Need extra room for camera gear, an extended water supply, or hunting accouterments? This expandable Mystery Ranch pack has you covered.
Meet the Mystery Ranch Terraframe 3-Zip 50, the new secret weapon in carrying “excessive loads,” according to the brand. With this hunting-and-hauling-inspired model from Mystery Ranch, there’s no reason not to go heavier (well, other than your own fitness), even over rugged terrain.
While weight will certainly put you to the test, the Terraframe totes up to 150 pounds in reasonable comfort. It does so with a carbon fiber frame paired with a durable, easy-access bag and well-matched hip belt.
In short: Ideally suited for activity-centered packing trips, the 3-Zip 50 easily adapts between light-duty activity like ridge scrambling (as I did on the Arizona Trail) to heavy hauler.
It uses a “shelf” system common in hunting backpacks to expand, allowing users to carry bulky, heavy loads. Mystery Ranch calls this “OVERLOAD mode.” Stretch water bottle pockets, hydration reservoir compatibility, and daisy-chain attachment points transcend both scenarios.
Testing the Mystery Ranch Terraframe Pack
Arguably the best feature on this new pack is what the brand calls the OVERLOAD. It’s an expanded shelf (made of 330-denier CORDURA just like the pack) that makes room to strap in virtually any other gear. While fairly unique to backpacks meant for hikers, it’s a very common feature in hunting backpacks.
And it definitely works well. Hunters have proven this feature even within the Mystery Ranch line with the Metcalf. They usually use it to haul meat, loading 60-pound elk quarters into the “meat shelf” while hauling the rest of the gear in the pack.
In the case of the Terraframe, it now intends this shelf to carry things like a hard camera case, duffel, or daypack crammed with fishing, climbing, or packrafting essentials. Heck, you could even strap in a guitar or chainsaw.
Personalization is another one of this 5-pound pack’s strengths: I fit in a full kit of photo and video gear — including microphones, an audio mixer, an external drive, and the Peak Design Travel Tripod. The ability to carry this kit made for pro-quality in-camp interviews, morning time lapses, and bird-watching candids among the majestic saguaro cacti.
Expanding and loading up the OVERLOAD shelf with excess gear; photo credit: Peter Reese
Mystery Ranch Terraframe: Fit, Comfort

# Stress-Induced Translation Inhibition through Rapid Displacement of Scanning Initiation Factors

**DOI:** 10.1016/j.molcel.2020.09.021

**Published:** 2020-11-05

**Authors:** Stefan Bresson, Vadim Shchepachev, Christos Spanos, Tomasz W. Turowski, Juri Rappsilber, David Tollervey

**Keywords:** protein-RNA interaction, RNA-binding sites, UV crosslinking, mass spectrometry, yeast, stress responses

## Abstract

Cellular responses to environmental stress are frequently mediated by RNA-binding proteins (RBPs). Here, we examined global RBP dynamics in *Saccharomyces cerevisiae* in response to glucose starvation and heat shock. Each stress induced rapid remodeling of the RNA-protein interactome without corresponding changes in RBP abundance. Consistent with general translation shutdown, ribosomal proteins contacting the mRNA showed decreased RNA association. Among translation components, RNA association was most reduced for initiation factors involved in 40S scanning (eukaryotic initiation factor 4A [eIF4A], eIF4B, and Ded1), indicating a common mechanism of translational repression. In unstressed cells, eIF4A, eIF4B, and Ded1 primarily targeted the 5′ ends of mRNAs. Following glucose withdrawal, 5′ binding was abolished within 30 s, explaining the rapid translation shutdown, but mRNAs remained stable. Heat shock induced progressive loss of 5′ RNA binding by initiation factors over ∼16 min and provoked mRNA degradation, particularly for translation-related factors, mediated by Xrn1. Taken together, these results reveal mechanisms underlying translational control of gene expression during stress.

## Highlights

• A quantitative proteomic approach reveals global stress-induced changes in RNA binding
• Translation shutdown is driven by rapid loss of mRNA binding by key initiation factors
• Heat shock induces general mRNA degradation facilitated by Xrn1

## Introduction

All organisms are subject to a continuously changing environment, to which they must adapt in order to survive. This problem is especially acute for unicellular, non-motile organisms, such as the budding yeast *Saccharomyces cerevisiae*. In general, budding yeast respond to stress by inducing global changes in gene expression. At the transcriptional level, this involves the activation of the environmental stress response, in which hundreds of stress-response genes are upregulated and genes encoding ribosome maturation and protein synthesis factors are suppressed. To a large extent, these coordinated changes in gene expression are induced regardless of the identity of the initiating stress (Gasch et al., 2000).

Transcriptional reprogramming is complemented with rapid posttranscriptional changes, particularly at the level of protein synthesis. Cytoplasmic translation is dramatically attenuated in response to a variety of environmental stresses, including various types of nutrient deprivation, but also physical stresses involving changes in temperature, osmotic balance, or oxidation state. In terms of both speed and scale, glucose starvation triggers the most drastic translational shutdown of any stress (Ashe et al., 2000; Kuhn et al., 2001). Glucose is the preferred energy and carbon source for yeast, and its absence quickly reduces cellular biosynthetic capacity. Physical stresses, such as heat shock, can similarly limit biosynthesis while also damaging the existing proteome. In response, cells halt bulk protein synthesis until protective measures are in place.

This pack has a fairly standard design in terms of hip belt, back panel, and shoulder straps (padded). The key to using this pack is ensuring comfort as you add weight, whether or not you’re using OVERLOAD. I found the pack’s custom torso fit not only adds comfort but improves load-balancing in the OVERLOAD mode.
The 50L pack’s internal capacity is a nice and accessible volume that rivals other 50-55L sized packs (thanks to its many tie-down straps). In my testing, boosting a normal packed weight of 40 pounds up to 75 pounds was more about deft handling of the OVERLOAD space (to maintain balance) than coaxing comfort out of Terraframe.
Several reviewers online have also mentioned that the suspension system and frame are comfortable to carry despite heavier weights.
While a big-game haul out or other heavy loads are well within reach of the frame’s ability, the pack’s modest capacity is going to be the limiting factor for longer treks. Overall, this pack was comfortable to wear and carry, but just know that the more weight you add the more you’ll want to adjust to find that comfort-versus-capacity sweet spot.
Mystery Ranch Terraframe Specs
- Weight: 5 pounds
- Capacity: 3,051 cu. in.
- Features: Telescoping yoke, OVERLOAD shelf, compression straps, side and lid pockets
- Price: $350
Here’s where pre-trip planning is critical. I had four add-in pack candidates for photo gear. But in the end, I felt only one had enough structure to avoid collapsing when cinched down into this 3,051-cubic-inch pack’s extensive strap-and-clip pattern. Essentially, whatever you decide to haul, make sure you can safely strap it in without compromising structure. And, as always, pack smart.
One con: In testing, the unique three-zip top flap with access to the pack body was obstructed on the trail when in OVERLOAD mode, as the load-securing straps wrap over the top of the pack. So using the OVERLOAD feature — including the load-securing straps — does limit on-trail access to the lid and full pack body.
That being said, the three-zip access did come into play once at camp. It’s a great feature, but a little more challenging than other pack systems.
Mystery Ranch’s Terraframe 3-Zip 50 Pack should definitely be on your shortlist if you’re looking for something that can handle large amounts of gear (like for travel photographers, trail crew workers, or hunters). The value of this pack lies in its features and versatility while staying not too heavy.
It’s on the pricier end at $350, but for that price, you can get a super-adaptable pack.
The Terraframe 3-Zip open front access panel
For desert or high-mountain travelers, this Mystery Ranch model carries another powerful advantage: the ability to transport enough potable water to thrive in drier places where few visitors likely venture. If you’re looking for a do-all pack that extends to outdoor pursuits besides hiking that command extra space or weight, definitely consider this one.